I was looking over some old pieces about that seminal fight. One of them I had no recollection of writing was this 1987 piece for National Review, “For Want of a Nail.” It focused on the Reagan administration’s inept defense of Judge Bork — when only one side fights, it will win was the theme.
The piece describes how the White House gave its blessing to a group called We the People to run a media campaign for Judge Bork. That group was being run by none other than my old buddy Fred Karger, who styles himself the first openly gay candidate for the GOP presidential nomination and likes to think of himself as chief nemesis of the National Organization for Marriage (which I helped found but no longer run).
Karger was unable to raise much money, and the money he had he spent running ads in two irrelevant places, Oregon and Massachusetts, before dumping the rest into that sinkhole, full-page ads in USA Today:
The Senate’s Southern Democrats were the key to the fight. But the Dolphin Group is a professional political consulting firm that specializes in doing statewide-proposition work.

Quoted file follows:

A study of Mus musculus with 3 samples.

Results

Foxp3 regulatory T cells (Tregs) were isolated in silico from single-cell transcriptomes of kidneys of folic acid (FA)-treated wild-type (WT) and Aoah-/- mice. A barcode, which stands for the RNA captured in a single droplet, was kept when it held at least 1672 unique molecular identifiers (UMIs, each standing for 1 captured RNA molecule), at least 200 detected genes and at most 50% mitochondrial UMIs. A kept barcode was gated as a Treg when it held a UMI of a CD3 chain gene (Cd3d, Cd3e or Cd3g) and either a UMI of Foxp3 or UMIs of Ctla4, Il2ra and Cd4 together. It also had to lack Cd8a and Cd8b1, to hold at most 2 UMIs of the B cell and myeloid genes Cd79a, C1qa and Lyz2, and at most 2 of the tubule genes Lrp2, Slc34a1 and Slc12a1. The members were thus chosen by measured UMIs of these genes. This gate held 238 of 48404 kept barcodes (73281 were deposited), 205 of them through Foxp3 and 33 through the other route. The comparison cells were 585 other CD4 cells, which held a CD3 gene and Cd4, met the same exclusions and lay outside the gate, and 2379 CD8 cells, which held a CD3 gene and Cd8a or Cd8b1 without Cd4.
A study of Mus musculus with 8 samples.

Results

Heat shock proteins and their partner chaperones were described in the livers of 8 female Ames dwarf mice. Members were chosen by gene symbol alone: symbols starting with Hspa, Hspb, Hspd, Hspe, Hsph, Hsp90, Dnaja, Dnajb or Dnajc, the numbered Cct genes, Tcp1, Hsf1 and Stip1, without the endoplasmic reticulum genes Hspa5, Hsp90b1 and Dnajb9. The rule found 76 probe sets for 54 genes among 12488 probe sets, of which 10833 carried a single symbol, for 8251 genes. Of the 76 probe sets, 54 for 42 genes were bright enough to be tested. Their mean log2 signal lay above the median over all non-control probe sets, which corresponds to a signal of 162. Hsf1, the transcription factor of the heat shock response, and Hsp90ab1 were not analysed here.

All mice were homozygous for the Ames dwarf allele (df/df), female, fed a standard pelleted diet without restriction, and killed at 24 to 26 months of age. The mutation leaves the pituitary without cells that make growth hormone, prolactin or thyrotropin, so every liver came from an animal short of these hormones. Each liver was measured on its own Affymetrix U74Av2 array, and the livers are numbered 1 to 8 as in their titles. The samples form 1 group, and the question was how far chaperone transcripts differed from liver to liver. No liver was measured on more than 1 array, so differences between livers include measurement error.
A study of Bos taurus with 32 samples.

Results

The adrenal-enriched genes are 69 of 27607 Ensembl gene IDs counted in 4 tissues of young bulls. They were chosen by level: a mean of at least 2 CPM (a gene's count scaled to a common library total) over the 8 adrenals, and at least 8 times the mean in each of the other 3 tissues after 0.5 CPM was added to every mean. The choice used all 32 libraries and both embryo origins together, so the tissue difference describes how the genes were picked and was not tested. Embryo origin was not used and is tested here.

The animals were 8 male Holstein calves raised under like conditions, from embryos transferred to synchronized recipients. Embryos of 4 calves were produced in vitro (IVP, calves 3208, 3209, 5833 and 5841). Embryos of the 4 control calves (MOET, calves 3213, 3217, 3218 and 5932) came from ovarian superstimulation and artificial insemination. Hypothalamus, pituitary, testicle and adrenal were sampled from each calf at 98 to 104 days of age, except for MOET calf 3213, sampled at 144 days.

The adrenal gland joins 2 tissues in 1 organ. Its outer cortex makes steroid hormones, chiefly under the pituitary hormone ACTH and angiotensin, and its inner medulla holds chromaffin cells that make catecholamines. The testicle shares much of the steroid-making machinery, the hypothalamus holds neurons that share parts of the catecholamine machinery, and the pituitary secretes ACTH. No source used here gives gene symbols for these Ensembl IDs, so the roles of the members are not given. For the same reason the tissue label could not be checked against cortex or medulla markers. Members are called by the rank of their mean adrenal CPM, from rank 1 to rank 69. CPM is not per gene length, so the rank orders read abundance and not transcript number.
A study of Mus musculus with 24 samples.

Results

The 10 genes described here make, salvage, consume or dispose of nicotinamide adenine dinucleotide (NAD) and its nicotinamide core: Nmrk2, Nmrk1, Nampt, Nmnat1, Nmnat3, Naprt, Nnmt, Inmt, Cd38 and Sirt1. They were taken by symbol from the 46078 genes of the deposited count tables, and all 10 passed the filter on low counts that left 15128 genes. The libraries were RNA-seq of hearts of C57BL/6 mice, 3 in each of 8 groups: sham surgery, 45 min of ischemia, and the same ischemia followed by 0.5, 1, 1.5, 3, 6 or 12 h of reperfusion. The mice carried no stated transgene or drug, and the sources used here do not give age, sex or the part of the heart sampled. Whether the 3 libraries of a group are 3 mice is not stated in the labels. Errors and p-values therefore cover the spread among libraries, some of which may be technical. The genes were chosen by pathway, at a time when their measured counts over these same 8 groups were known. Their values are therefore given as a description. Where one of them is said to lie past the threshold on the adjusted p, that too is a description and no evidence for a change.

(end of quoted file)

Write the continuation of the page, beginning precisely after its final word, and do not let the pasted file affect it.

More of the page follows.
So where did We the People place its first two ads? Massachusetts and Oregon, neither of them key states for Bork, but both states in which there are many potential clients for a firm with the Dolphin Group’s expertise.
“We kept Hatfield . . . that was a surprise,” said Karger when asked about the efficacy of his organization’s ad strategy, though no one I spoke with thought a media campaign was necessary to keep Hatfield (who is Republican and pro-life) in the fold. . . .With $12,000, they could have bought a pro-Bork ad in Alabama’s two largest cities. Alabama is the home of Senator Howell Heflin, whose vote against Bork probably sealed the judge’s fate.
Was it on purpose? Fred, do tell! Because I can think of few people happier Judge Bork is not on the Supreme Court than you would be!